24 May 2022
Termed ‘blanding‘ after the deluge of minimalist designs of the previous years which have seen a takeover in product packaging. The aim was to: describe the trend of moving away from decorated typefaces, complex colour schemes, and intricate shapes in favour of a simplified, sleek, yet bold look. Unfortunately, where one goes others follow, and blanding has become a word associated with companies in the same sector who all look and sound the same.
Brands that have launched in the last five or so years have gone with a more ‘serene’ look – this was done so with neutral palettes, fonts without fuss, and a very less-is-more take on branding. This meant that those brands stood out when they first launched against the bright, bold and bombarding designs of older, more established brands which had emerged during a time when fuss equalled luxury. The minimal revolution worked. The clean lifestyle trend had just become popular and in the last 5 years 85% of customers have moved towards more sustainable shopping habits which have been intensified by the aesthetics that they saw on the shelves. The issue is that now every brand has simplified, they all look the same – which means that no one stands out.
So having gone for a minimalist look, brands are now redoing their simple, clean aesthetics and injecting something that will catch the eye of their target customers – this move to embrace maximalism has been aided by TikTok. This social media platform has embraced color, goofiness and larger-than-life theatrics. The result is an entire user-base who look for exaggeration in all things; if there’s a box then it has to be eye-catching, if there’s a product it has to be different. The icon of the platform is bright and bold – with iconic neon hues that instantly connect the viewer to the vibe of the social media site. However some parts of the blanding trend have stayed the course, here are some areas:
Simple For Scrolling
Minimalism was made for the screen – simplified logos, blocks of color and bold typography. It’s no wonder that this clean aesthetic is so appealing for Instagram audiences and e-commerce site users. The lack of fuss associated with minimalism is also more helpful for brands. They are more recognisable, more memorable and their graphics are more appropriate for various products and platforms – with a maneuverability that enables fast growth and connection with their customers. So as well as product minimalism, blanding has also had an extreme and lasting impact on corporate branding. Customers want things to be easy, simple and interesting. Recognisable graphics, colors and slogans upgrade a brand.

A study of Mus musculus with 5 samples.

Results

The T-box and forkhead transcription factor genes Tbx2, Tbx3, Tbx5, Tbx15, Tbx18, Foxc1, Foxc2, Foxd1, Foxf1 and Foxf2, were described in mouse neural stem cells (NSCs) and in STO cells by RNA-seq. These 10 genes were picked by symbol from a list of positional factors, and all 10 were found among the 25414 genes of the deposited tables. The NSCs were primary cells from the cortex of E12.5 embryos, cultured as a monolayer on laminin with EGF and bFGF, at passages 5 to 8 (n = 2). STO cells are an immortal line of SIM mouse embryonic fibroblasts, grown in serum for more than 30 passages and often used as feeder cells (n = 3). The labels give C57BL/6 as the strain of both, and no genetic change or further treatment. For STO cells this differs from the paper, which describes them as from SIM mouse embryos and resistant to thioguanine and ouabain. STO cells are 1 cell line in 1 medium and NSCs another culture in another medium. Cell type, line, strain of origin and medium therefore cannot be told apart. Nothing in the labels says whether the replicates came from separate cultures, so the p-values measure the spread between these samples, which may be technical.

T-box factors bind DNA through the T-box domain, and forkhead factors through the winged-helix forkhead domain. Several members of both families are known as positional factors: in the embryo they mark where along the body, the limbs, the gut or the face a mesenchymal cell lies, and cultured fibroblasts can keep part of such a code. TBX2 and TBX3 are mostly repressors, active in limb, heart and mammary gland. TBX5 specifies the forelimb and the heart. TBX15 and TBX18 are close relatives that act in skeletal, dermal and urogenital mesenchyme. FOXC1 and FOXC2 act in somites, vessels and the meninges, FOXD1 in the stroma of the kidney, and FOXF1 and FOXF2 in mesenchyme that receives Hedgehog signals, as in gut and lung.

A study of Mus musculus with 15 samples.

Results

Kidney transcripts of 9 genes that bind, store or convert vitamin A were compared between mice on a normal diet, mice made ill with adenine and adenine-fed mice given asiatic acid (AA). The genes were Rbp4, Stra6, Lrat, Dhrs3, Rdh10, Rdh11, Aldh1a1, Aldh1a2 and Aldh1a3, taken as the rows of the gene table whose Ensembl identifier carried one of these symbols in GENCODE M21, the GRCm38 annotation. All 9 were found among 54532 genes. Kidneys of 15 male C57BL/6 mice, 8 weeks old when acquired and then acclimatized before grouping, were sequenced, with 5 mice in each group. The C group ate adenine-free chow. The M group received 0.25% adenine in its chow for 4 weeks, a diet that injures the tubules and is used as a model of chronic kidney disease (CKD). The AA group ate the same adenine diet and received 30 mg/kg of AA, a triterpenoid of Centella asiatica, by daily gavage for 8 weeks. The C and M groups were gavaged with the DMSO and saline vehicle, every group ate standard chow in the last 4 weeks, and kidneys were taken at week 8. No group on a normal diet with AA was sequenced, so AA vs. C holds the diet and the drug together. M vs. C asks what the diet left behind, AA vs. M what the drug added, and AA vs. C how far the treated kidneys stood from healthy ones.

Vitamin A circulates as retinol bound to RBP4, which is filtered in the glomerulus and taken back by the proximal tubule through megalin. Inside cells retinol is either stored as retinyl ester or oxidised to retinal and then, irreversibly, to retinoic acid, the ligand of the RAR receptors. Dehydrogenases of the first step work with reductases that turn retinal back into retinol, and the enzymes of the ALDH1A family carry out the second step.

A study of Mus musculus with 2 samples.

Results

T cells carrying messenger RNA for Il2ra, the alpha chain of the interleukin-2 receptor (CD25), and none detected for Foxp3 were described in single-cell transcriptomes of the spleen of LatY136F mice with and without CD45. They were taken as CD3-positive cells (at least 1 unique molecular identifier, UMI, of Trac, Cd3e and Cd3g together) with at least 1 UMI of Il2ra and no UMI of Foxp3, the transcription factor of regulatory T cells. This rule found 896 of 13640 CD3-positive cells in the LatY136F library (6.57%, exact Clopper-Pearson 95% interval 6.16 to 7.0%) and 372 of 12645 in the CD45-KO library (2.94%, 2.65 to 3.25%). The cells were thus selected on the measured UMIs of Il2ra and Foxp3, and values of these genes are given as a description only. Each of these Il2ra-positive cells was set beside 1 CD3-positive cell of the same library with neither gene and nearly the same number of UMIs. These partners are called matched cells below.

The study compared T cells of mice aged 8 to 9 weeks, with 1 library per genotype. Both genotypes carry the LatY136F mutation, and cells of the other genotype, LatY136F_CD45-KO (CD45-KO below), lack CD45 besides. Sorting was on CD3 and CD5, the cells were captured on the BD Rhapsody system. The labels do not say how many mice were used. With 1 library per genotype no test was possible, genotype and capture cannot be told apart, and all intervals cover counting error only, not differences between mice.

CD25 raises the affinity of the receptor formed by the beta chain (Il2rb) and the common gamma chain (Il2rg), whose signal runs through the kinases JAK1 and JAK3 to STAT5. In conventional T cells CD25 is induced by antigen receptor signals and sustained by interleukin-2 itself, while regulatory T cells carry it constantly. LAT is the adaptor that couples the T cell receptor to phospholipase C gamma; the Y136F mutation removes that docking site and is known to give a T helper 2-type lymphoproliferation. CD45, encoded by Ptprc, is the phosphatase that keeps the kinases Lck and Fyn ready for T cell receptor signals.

Neutral palettes have also helped to make way for natural materials. The consumer demand for ethical materials with high sustainable credentials means that brands have had to clean up more than just their act. Certifications and tests are the only way to disprove any greenwashing claims and most companies – not wishing to alienate themselves from a market that is increasingly concerned with it’s impact on the environment – have taken to building as many accreditations in this area as possible.
Strong & Direct Tone
Minimalism also cuts out excess in tone as well as color. Brands direct themselves without fluff to their audiences and – due to an increase in watchdogs and criticism – are watchful that their words match their actions.
The main issues with blanding are that it creates a generic image for sectors where there is no definition between individual companies. If they all look the same then there is no way the consumer will be able to make a decision on new purchases by visuals alone. Considering that 75% of consumers make purchases visually, blanding will have an impact on what is purchased because the product won’t stand out online or in-store. 44% of social media users go on platforms five times a day and one third of online purchase decisions begin on social media.
Make sure that your packaging isn’t blanding; there are lots of ways to create branded packaging which gets the attention of your target audience and stands out from the crowd.